Of all the film genres, horror has branched out the most.
While the folk horror film genre has been around for decades, its sporadic return to the spotlight acts as a reminder that when it comes to providing genuine doom-laden scares, the genre remains a hit with critics and fans.
Two recent releases, A Guide to Becoming an Elm Tree from Irish filmmaking duo Adam and Skye Mann, and the British film Starve Acre directed by Daniel Kokotajlo, starring The Crown and Doctor Who star Matt Smith, have won acclaim thanks to their creepily slow build towards terror.
What is folk horror?
Folk horror is a sub-genre with its roots in folklore and fairytale. Myths and legends, often localised according to where the film is set, are used to create an impending sense of doom and a feeling of disconnect between the protagonists and the community.
Settings are usually rural as opposed to big cities, and themes of isolation, superstition, paganism and the darker side of nature (and human nature) loom large.
Finnish director Erik Blomberg’s 1952 The White Reindeer is an oft-cited classic. The film, which played at Cannes, is described by the British Film Institute as conjuring “a sense of genuine dread, combined with a magic realism".
Folk horror is also a mainstay of South-East Asian cinema, where filmmakers draw on local, esoteric beliefs and cultures.
The 2021 Thai-South Korean mockumentary The Medium delves into the genre with a tale of a woman who may or may not be possessed by the spirit of a local goddess.
Folk horror has emerged in film and literature across the world, with American author Stephen King’s 1984 novel Children of the Corn as a prime example.
The genre, says folk horror writer Adam Scovell, is about “the evil under the soil, the terror in the backwoods of a forgotten lane, and the ghosts that haunt stones and patches of dark, lonely water.”
Here are some folk horror films to watch...
The Wicker Man, 1973
What communities get up to when untethered from the influences of the outside world is explored in this classic folk horror.
Sent to the isolated Scottish island of Summerisle in search of a missing girl, police officer Sergeant Neil Howie (Edward Woodward) discovers that the locals have abandoned Christianity in favour of a form of Celtic paganism.
Drawing inspiration from the 1890 book The Golden Bough: A Study in Magic and Religion by the Scottish anthropologist Sir James George Frazer, the film delves into occult traditions and sacrifice.
Historically, a wicker man was used by druids in Celtic Europe to sacrifice animals as part of harvest time rituals and in later centuries on midsummer’s eve.
The Witch, 2015
Set in 1630s New England, the film follows a Puritan family who, after being ousted from their community following a religious dispute, settle near a large, secluded forest and build a farm.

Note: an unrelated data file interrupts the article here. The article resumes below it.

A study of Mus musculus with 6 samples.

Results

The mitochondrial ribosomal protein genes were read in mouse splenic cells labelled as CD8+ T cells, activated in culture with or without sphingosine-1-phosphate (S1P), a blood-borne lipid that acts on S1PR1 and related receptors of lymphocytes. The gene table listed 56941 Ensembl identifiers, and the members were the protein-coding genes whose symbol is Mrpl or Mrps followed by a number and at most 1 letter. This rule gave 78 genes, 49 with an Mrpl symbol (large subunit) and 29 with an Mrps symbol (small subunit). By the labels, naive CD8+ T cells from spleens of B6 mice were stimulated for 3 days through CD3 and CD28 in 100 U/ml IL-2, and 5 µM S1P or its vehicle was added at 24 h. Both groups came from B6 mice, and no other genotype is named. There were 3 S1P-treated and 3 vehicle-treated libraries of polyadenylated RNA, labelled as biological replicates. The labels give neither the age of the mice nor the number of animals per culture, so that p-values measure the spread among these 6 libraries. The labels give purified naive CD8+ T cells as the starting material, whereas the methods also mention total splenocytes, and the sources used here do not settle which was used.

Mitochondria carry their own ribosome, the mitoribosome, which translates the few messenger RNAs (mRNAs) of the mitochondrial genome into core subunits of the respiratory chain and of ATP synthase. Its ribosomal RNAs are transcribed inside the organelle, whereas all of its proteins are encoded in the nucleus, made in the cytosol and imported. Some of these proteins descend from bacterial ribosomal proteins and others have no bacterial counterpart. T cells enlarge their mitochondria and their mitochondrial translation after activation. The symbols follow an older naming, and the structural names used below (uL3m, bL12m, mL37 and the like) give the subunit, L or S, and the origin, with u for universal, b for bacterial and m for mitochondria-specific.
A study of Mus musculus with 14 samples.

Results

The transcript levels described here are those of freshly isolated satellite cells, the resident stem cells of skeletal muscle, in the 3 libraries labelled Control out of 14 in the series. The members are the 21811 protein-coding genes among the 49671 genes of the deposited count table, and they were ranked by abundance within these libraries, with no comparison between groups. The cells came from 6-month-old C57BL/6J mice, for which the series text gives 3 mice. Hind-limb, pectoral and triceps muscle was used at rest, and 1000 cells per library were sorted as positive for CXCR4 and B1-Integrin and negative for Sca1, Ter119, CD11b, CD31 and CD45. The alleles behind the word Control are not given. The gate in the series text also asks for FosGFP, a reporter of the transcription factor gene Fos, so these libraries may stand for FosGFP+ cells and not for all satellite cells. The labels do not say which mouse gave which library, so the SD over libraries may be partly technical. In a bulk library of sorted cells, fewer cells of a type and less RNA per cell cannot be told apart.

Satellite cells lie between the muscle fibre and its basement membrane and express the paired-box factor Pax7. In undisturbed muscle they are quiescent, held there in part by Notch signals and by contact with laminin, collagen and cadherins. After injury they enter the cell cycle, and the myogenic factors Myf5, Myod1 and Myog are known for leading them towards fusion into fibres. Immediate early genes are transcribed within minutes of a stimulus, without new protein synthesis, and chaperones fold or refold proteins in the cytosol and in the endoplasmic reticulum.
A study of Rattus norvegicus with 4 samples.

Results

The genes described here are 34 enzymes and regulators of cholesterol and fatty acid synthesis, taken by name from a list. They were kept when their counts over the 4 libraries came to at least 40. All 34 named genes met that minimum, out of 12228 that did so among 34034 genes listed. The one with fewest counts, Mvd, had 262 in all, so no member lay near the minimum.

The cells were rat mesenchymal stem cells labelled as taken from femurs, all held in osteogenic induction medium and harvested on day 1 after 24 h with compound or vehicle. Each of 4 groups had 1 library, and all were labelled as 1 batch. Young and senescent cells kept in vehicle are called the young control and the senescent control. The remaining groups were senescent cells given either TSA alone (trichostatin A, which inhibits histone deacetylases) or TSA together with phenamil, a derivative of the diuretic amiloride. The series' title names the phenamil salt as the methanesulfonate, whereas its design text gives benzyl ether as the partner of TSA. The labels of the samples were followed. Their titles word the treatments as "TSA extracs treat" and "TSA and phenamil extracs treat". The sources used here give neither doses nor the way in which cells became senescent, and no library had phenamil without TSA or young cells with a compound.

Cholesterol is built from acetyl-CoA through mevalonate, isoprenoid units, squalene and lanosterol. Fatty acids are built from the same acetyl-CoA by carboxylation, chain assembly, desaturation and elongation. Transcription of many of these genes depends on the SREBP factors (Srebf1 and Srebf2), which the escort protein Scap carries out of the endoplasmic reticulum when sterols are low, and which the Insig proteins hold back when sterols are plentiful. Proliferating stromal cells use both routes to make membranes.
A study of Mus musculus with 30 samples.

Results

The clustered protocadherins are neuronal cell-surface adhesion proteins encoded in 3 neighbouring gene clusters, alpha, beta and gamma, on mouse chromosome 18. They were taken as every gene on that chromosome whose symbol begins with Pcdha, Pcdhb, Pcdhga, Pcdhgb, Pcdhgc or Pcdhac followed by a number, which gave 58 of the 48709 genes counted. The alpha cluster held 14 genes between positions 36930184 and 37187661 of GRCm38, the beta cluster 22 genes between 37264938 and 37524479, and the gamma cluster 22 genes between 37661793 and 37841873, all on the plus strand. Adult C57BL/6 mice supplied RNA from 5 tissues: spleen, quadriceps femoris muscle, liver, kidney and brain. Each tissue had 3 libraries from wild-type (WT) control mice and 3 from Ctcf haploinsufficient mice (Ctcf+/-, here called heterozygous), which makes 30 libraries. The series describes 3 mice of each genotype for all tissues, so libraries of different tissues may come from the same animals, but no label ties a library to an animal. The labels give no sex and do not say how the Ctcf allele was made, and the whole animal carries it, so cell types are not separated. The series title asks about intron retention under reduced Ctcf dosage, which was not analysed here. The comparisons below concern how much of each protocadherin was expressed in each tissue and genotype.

With the real-life Salem witch trials just a few decades away, the film leans heavily into the all-consuming patriarchy of the era, building a sense of dread after a newborn, Samuel, disappears while in the care of his older sister Thomasin (Anya Taylor-Joy).
Hysteria around religion and witchcraft are explored in this expertly crafted film.
Starring Florence Pugh and Will Poulter, this low-budget indie film was a critically acclaimed hit, grossing $48 million on an $8 million budget.
Ari Aster, the man behind 2018’s Hereditary, directs this story of troubled couple Dani (Pugh) and Christian (Jack Reynor), who travel to Sweden to attend a midsummer festival in rural Halsingland.
The film moves quickly to unsettle audiences by leaning into the plot device of the outsiders entering a close-knit community where all is not what it seems.
Although steeped in a sense of tradition that harkens back to olden times – maypoles, flower crowns and ceremonies – Aster effectively works to remove the comfort those customs usually bring.
After the apparent suicide of her abusive husband James (Paapa Essiedu), Harper Marlowe (Jessie Buckley) rents an isolated house in a village in England.
The home’s owner, Geoffrey (Rory Kinnear) gives the impression that there’s something a little off with the town, and soon Marlowe meets more of the local men – all played by Kinnear and all intent on punishing her for James’s actions.
The symbolic Green Man, also known as a foliate head, features predominantly in the film and is a Pagan symbol believed to symbolise the cycle of life, death and rebirth.
The image is found mainly across England where it dates back to the Iron Age, as well as in France and Germany. However, second-century versions have also been found in Lebanon and Iraq.